Italian billionaire Silvio Scaglia told the whole world his fashion businesses were half-owned by his wife, reality TV star Julia Haart, but he secretly kept a one-share advantage at all times, a Delaware judge said, explaining her recent ruling resolving a bitter dispute between the divorcing couple.
Vice Chancellor Morgan T. Zurn elaborated on a decision she issued in late May as part of “a two-step intended to expedite finality.” The judge rejected Haart’s claims of 50% co-ownership at the time without offering an explanation or saying what share of the businesses Haart actually does own.
Zurn acknowledged that Scaglia let Haart, investors, tax authorities, and everyone else believe the 50-50 ownership narrative about modeling agency Elite World Group LLC and its parent company, Freedom Holding Inc. The business is featured on Haart’s Netflix series “My Unorthodox Life.”
“But behind the scenes, Freedom’s internal documents told a different story,” the judge wrote in a 52-page opinion for Delaware’s Chancery Court. “Despite the appearance of an equal partnership, the evidence reveals that Haart never owned an equal stake of Freedom’s preferred stock.”
The decision closes one chapter on the acrimonious dispute that began with the public breakdown of the couple’s relationship in early February, around the same time Scaglia ousted Haart from her leadership positions at the modeling agency. Other court cases in Delaware and New York are ongoing.
Zurn’s opinion Thursday came 10 weeks after her brief ruling in Scaglia’s favor, which prompted a victory lap from Scaglia’s representatives—who say the co-ownership claims were a lie—and frustration from Haart, whose spokesperson stated that “Scaglia’s empty words continue to bend reality.”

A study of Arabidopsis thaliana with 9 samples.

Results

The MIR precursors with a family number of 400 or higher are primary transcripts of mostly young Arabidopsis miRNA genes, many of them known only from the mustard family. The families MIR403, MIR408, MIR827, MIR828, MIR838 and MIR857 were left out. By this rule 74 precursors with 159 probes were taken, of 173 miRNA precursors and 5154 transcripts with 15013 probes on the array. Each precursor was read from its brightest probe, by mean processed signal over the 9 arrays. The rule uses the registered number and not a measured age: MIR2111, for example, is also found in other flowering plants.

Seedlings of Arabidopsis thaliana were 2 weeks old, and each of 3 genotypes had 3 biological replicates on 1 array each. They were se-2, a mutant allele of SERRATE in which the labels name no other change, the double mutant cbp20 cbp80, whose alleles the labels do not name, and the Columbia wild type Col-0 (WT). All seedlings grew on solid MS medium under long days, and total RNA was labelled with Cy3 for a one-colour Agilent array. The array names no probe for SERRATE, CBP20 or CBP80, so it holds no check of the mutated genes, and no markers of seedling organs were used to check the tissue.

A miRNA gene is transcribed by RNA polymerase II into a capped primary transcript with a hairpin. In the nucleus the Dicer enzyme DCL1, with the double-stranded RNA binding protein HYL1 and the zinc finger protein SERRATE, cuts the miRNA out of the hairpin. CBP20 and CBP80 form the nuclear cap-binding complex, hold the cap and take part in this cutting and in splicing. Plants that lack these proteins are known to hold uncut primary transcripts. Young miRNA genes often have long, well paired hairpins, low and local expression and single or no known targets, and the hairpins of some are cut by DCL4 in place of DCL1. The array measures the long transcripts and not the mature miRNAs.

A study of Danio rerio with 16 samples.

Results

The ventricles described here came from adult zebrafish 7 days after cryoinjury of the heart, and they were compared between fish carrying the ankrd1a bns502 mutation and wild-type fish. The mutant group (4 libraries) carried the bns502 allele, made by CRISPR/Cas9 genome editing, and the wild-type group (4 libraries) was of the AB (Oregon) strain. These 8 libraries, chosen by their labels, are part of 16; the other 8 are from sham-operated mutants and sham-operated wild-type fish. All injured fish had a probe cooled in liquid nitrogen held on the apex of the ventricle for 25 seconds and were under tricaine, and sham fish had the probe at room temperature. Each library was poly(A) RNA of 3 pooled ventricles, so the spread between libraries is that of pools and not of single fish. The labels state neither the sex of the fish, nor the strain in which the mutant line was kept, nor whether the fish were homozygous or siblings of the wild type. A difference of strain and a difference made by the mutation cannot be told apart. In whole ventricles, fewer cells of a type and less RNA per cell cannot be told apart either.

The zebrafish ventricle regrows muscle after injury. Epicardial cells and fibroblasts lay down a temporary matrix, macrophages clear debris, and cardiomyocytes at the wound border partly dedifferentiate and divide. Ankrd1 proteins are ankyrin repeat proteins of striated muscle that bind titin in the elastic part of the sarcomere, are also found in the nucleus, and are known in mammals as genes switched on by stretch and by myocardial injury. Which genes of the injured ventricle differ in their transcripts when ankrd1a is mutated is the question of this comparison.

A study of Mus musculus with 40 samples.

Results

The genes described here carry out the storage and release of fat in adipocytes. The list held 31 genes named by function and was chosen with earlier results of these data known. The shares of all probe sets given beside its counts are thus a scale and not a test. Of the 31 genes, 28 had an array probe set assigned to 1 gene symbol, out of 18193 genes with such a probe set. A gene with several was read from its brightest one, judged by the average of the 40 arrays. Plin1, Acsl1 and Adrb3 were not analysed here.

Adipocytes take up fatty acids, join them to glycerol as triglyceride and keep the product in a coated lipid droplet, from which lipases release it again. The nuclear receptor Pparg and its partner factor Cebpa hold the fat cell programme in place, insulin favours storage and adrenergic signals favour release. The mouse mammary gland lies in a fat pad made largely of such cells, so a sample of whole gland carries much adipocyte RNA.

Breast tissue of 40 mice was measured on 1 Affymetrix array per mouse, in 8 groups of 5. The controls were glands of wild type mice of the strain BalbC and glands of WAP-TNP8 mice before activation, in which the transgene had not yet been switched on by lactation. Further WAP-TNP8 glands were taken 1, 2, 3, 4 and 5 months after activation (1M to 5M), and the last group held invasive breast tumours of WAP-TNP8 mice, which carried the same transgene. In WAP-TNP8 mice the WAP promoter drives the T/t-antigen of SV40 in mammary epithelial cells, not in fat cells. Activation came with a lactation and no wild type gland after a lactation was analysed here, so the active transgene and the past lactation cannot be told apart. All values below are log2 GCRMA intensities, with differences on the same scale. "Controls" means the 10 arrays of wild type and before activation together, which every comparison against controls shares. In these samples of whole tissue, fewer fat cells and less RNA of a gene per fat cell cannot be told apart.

Elite, under Scaglia’s control, sued Haart for unjust enrichment and fiduciary breaches in early June. That lawsuit accuses her of stealing millions from the business to prop up the lavish personal lifestyle shown on her TV series.
Zurn found that Haart “continued to insist she was an equal owner” after learning Scaglia had held back the single share when transferring 49.999% of the modeling agency to her.
Although Haart didn’t discover the “discrepancy” until the marriage began breaking down, she knew about it no later than January 2021, a year before the court case began, the judge noted. Haart also tried to pressure the company accountant into taking her side, Zurn said.
Zurn rejected the argument that Scaglia’s win should be barred due to the surreptitious circumstances of the share transfer and his assurances that Haart owned half the business.
The judge cited Haart’s own knowledge of the stock discrepancy, her efforts to pressure the accountant, and omissions in her court filings.
“The exercise of looking at the litigants’ hands reveals dirt on Haart’s,” Zurn wrote.
Scaglia is represented by Richards, Layton & Finger PA and Orrick Herrington & Sutcliffe LLP. Haart is represented by Connolly Gallagher LLP and Ajamie LLP.
The case is Haart v. Scaglia, Del. Ch., no. 2022-0145, 8/4/22.